Impatience is an almost universal trait of character, and cactus growers are not altogether immune from this malady. We demand mature plants for our collections, but we are missing a lot of pleasure if, by impatience, we overlook the fascinating pastime of raising succulents from seed. The essentials for successful cultivation are few and simple. Many people have been disappointed and discouraged in their first attempts to grow seedlings and feel it is a somewhat complicated process. This is not true. The growing of these plants from seed is so simple that anyone with normal intelligence may easily succeed.

The information about to be given will not be sufficient to cope with every emergency, but it will make possible sufficient initial success to encourage the reader to go on with this delightful and interesting hobby.

The seeds of some succulents will germinate as soon after maturity as they are placed in favourable conditions, whilst the seeds of others cannot be coaxed to grow before the following season. Of course, this does not apply only to the seeds of succulent plants, but to many other plants also.

To raise plants satisfactorily from seed it is necessary to provide a suitable temperature and compost and moisture, and once the little plants are showing, light and air are essential.

Since succulents are for the most part tropical or sub-tropical plants, it is to be expected that the seed will germinate best at relatively high temperatures. The ideal is a uniform temperature of about 80°F. The method used to secure this uniform heat depends much on the means available, and the ingenuity of the grower. Simple apparatus can be easily made in the form of a box with a glass cover, with an electric bulb so arranged under the seed pan that it will give sufficient additional heat. More elaborate propagators can be purchased from firms who manufacture them, and many of these excellent propagators are thermostatically controlled and are ideal for germination of seeds and the raising of seedlings.

Not everyone, however, can provide even an improvised propagator, but this need not deter anyone from attempting to raise seedlings, for alternate arrangements can be made to utilize such warm parts of the home as a hot airing-cupboard, or perhaps a place can be found on top of a radiator, etc.; and finally, if it is not possible to provide heat, delay sowing the seeds until May, for by then the weather is warmer and congenial for growth. If one can provide the necessary heat, the seeds should be sown early in the year, in late January or February, to obtain the maximum growth before the next winter.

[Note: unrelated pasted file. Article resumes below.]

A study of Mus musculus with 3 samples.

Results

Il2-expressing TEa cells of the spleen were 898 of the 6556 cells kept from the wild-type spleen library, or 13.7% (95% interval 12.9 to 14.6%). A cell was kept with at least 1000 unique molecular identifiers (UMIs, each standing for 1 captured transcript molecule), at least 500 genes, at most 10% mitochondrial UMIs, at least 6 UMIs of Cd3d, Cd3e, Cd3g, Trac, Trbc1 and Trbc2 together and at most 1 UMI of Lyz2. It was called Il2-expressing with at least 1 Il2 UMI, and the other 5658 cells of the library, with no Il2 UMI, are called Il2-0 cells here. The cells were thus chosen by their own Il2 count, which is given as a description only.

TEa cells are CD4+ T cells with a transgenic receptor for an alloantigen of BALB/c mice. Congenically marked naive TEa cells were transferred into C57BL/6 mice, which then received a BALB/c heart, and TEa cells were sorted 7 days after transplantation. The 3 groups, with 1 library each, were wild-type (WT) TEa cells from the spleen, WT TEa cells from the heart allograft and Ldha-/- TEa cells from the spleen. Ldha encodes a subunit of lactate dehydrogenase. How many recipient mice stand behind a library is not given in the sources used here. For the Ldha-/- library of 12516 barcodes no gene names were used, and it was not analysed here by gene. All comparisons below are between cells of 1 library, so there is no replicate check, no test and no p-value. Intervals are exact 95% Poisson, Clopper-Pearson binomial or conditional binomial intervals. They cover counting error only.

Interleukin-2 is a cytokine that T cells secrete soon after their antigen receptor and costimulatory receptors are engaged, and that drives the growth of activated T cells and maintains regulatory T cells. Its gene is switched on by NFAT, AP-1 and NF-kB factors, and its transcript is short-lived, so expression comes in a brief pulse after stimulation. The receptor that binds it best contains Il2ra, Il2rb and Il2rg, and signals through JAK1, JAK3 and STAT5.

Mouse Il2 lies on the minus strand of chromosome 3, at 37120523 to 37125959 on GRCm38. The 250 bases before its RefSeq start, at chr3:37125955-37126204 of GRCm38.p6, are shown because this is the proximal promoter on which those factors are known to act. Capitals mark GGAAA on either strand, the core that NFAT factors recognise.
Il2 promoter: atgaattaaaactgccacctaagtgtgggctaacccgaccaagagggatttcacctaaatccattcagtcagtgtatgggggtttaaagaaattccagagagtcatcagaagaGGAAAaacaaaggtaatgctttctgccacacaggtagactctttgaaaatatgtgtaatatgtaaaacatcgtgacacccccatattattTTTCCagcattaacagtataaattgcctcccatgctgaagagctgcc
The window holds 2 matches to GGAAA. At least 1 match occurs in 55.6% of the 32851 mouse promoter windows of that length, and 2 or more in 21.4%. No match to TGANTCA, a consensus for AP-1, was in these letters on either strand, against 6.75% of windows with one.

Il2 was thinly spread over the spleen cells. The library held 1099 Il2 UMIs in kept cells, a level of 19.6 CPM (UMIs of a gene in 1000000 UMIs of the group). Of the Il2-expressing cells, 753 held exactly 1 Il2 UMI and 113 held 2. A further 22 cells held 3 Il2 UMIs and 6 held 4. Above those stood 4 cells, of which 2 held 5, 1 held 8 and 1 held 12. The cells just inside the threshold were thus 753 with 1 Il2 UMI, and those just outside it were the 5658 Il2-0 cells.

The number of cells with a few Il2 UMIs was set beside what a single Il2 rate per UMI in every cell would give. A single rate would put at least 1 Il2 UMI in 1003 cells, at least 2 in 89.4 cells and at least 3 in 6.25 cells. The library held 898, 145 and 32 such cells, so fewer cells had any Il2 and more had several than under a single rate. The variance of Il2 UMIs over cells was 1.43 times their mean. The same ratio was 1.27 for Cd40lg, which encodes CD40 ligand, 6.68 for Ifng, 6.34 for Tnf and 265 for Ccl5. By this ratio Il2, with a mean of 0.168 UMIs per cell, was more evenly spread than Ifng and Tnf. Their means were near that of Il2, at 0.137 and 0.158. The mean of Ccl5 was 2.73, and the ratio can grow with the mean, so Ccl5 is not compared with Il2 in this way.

There is much difference of opinion as to the best compost to use in the seed pans or pots, but it is generally recognized that John Innes Compost No. I with some sharp sand added will produce very satisfactory results. Sterilized John Innes composts are obtainable from seedsmen.

To prepare the seed receptacles, first make sure they are thoroughly clean. Indeed, if new or sterilized pots or pans are used, so much the better, for, in addition to using sterilized compost, the risk of your seedlings damping off is greatly reduced. Some coarse material such as crocks should be placed in the bottom of the containers to ensure the necessary drainage. Cover this with a fine layer of peat and then fill up the container to within half an inch of the top with the compost. The fine layer of peat is provided to prevent the drainage becoming blocked. Sprinkle a little coarse sand on the surface and sow the seeds thinly and as evenly as possible on the top. Small seeds should not be covered, as any resistance offered to the germinating seed may cause it to fail. Larger seed should, however, be covered to a depth of not more than the thickness of the seed.

Water may now be applied by gently sprinkling or spraying the surface until all the compost is thoroughly damp, or the container may be set in another dish of water until capillary attraction has brought moisture to the top. Although it is a little more trouble, the latter method is to be preferred.

Top water is apt to cause the soil to “puddle” and seal the surface so as to exclude air which is as vital to the young plants as is water.

Cover each container with a small glass sheet, as this ensures quick germination. Moisture will sometimes accumulate on the under side of the glass, and if it falls it may injure the seedlings or wash the compost from above the seeds. It is therefore a good practice to remove the moisture once or twice a day.

As soon as a reasonable number of seedlings appear, remove the glass from the container and allow more air to reach the plants. The surface of the compost should be kept moist at all times. Any neglect that permits the newly germinated seeds to become dry, even for a short time, is fatal to them.

The seed containers should not be placed in direct sunshine because the young plants cannot withstand the strong light. The containers may be kept in the shade or the glass may be covered with paper to ensure shade.

Admit some air when the seeds germinate, but continue to provide shade. If growth is rapid it may be necessary to prick out the seedlings in the first season, but generally they appear to do better if left undisturbed until the following spring.